UPSCALE

UPSCALING THE BENEFITS OF PUSH-PULL TECHNOLOGY FOR SUSTAINABLE AGRICULTURAL INTENSIFICATION IN EAST AFRICA

Ingolf Steffan-Dewenter   Marcell Peters   Jie Zhang

Förderer: European Union’s Horizon 2020 research and innovation programme
Homepage: https://upscale-h2020.eu/


Zusammenfassung:

UPSCALE is a H2020 Research & Innovation project worth €7.66 million, which started in November 2020 and lasts for 5 years. The project aims to take key steps to realize the transformative potential of push-pull technology by expanding its scope and applicability from individual fields to whole landscapes and regions, and from cereal to other important crops and cultivation systems. The overall goal is to address food security, livelihoods and climate change resilience in the sub-Saharan region of East Africa, while reducing the environmental impact of agricultural practices. For this, it will foster the design, adaptation and adoption of strategies for integrated agro-ecological management based on push-pull technology for wide-spread and climate-resilient sustainable intensification.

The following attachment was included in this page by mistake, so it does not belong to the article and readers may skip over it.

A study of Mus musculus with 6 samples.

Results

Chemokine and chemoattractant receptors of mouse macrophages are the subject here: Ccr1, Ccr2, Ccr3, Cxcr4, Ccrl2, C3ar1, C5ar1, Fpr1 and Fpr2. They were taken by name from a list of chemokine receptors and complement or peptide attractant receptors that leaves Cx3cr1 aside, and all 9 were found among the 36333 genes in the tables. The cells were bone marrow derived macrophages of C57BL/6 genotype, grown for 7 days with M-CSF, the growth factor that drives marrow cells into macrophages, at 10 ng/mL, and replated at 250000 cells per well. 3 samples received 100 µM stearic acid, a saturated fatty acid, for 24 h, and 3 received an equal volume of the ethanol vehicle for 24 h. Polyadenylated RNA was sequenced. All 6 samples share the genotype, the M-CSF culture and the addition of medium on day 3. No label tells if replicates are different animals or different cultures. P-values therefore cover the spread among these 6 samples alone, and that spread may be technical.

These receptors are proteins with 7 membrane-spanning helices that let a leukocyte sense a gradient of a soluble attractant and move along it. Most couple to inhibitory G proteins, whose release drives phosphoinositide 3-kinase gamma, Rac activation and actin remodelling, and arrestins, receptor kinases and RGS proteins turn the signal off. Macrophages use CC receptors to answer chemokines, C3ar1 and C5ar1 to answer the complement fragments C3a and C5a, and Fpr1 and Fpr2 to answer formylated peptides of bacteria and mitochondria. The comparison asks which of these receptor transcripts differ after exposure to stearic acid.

UPSCALE aims to take key steps to realize the transformative potential of push-pull technology, to address food security, livelihoods and climate change resilience in the sub-Saharan region of East Africa, while reducing the environmental impact of agricultural practices. For this, it will foster the design, adaptation and adoption of strategies for integrated agro-ecological management based on push-pull technology for wide-spread and climate-resilient sustainable intensification.

UPSCALE will collaborate with farmers and regional partners to decide on a prioritized list of candidate crops from conventional, organic, cash and mixed subsistence crops, for adapting to push-pull. Particular attention will be paid to integration within women-based farming systems as a means of gender mainstreaming, and to the use of traditional varieties and locally available and economically or culturally useful plant species in the development of effective push-pull innovation packages.